A video leaked earlier this week of an ABC News anchor ranting into a hot mic showed once again how smaller independent news outlets are outshining the mainstream news media. On Nov. 5, Project Veritas, a nonprofit media watchdog group, published the footage of Amy Robach lamenting that ABC quashed her story on Jeffrey Epstein, the late billionaire accused of sex trafficking minors.
“I’ve had the story for three years,” Robach said to someone off-camera in the video. “We would not put it on the air. First of all, I was told, ‘Who was Jeffrey Epstein? No one knows who that is. This is a stupid story.’” Project Veritas said Robach made the remarks in late August, shortly after an NPR report criticized ABC News for not airing an interview it did with Virginia Giuffre, one of Epstein’s accusers.
Authorities arrested Epstein in July on charges he ran a sex-trafficking ring that targeted girls as young as 14. Federal prosecutors said a network of Epstein’s associates recruited the girls to have sex with him and his celebrity friends. Giuffre accused Britain’s Prince Andrew, the middle son of Queen Elizabeth II, of having sex with her when she was 17 on a plane owned by Epstein. In the Project Veritas video, Robach said Giuffre, previously known as Virginia Roberts, had photos to back up her claims.
“The palace found out that we had her whole allegations about Prince Andrew and threatened us a million different ways. We were so afraid we wouldn’t be able to interview Kate and Will that we—that also quashed the story,” Robach said in reference to Prince William, who is the queen’s grandson and second in line for the throne, and his wife, Catherine.
On Tuesday, ABC News and Robach issued statements denying almost every claim Robach made in the video. They said the story did not air because it didn’t meet their journalistic standards. They also said they continued to work on the story and had produced a documentary and podcast that would air next year. Robach walked back specific accusations she had made against former President Bill Clinton (a known associate of Epstein’s) and Prince Andrew, saying, “I was referencing [Giuffre’s] allegations—not what ABC News had verified through our reporting.” She characterized her hot mic comments as “a private moment of frustration.”
ABC is not the only network in hot water for its decision not to run with a story about sexual abuse. Last month, journalist Ronan Farrow published a book detailing how NBC News refused to air his bombshell report exposing movie mogul Harvey Weinstein as a serial sex abuser. Farrow’s story ran in The New Yorker in 2017 and, along with reporting by The New York Times, kick-started the #MeToo movement.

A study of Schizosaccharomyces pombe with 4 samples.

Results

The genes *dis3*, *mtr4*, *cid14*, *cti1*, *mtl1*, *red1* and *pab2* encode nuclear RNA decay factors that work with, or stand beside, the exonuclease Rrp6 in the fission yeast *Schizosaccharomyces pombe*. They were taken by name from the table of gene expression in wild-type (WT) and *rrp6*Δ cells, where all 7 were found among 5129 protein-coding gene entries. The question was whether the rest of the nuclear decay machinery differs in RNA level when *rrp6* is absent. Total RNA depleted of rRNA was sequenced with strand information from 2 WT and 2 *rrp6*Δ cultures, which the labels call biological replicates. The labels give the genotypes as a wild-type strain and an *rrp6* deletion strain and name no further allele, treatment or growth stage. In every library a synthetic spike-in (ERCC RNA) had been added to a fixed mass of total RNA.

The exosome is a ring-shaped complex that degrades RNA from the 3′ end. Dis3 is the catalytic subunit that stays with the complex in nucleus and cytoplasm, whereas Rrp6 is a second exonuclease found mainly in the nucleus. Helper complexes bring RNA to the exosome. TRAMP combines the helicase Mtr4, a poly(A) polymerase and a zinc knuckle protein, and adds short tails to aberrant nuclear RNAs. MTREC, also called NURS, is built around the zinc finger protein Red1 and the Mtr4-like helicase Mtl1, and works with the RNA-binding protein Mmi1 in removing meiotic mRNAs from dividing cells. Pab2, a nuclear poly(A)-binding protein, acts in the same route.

Farrow claimed in the book Catch and Kill and in an interview with Variety that big corporate news outlets did not embrace reporting on sexual assault because of fears their own dirty laundry would be exposed. Some of the women who spoke out in the #MeToo movement accused NBC Today show anchor Matt Lauer of sexual harassment and said the network knew about it and did nothing. Lauer was fired in November 2017, and NBC denies it had foreknowledge of his behavior.
“What the book lays out is this pattern in the media world of what happens in an organization, whether it’s CBS or NBC … has a pattern of concealing the problem of sexual violence rather than addressing it,” Farrow said. “And [that pattern] makes them vulnerable to efforts to distort their news coverage.” The pattern might be continuing—on Thursday, the New York Post’s Page Six site reported that ABC had tracked down the former employee who the network believed leaked the Robach tape to Project Veritas. The woman had gone on to work for CBS, and that network fired her after ABC identified her. Former NBC and Fox News anchor Megyn Kelly released an interview with the woman, identified as Ashley Bianco, on Friday.
Where big media have dropped the reins, independent, web-based organizations such as Project Veritas are picking them up. This week, Charisma, a magazine for Pentecostals and charismatics, published a report on habitual sexual misconduct by comedian and viral video star John Crist. Crist admitted his transgressions and expressed remorse in a statement to Charisma.
In the article, Charisma editors said they, too, were reluctant to publish a story exposing the sins of a high-profile male entertainer, but for different reasons: “Some evidence suggests certain Christian leaders have been aware of Crist's behavior and—through inaction—let it continue unchecked. This is why Charisma believed it necessary to warn the body of Christ about what Crist has been doing behind the scenes. To be candid, our editorial team does not relish being in this position. … Above all, we believe the body of Christ must police itself and has an obligation to protect the innocent and vulnerable among us.”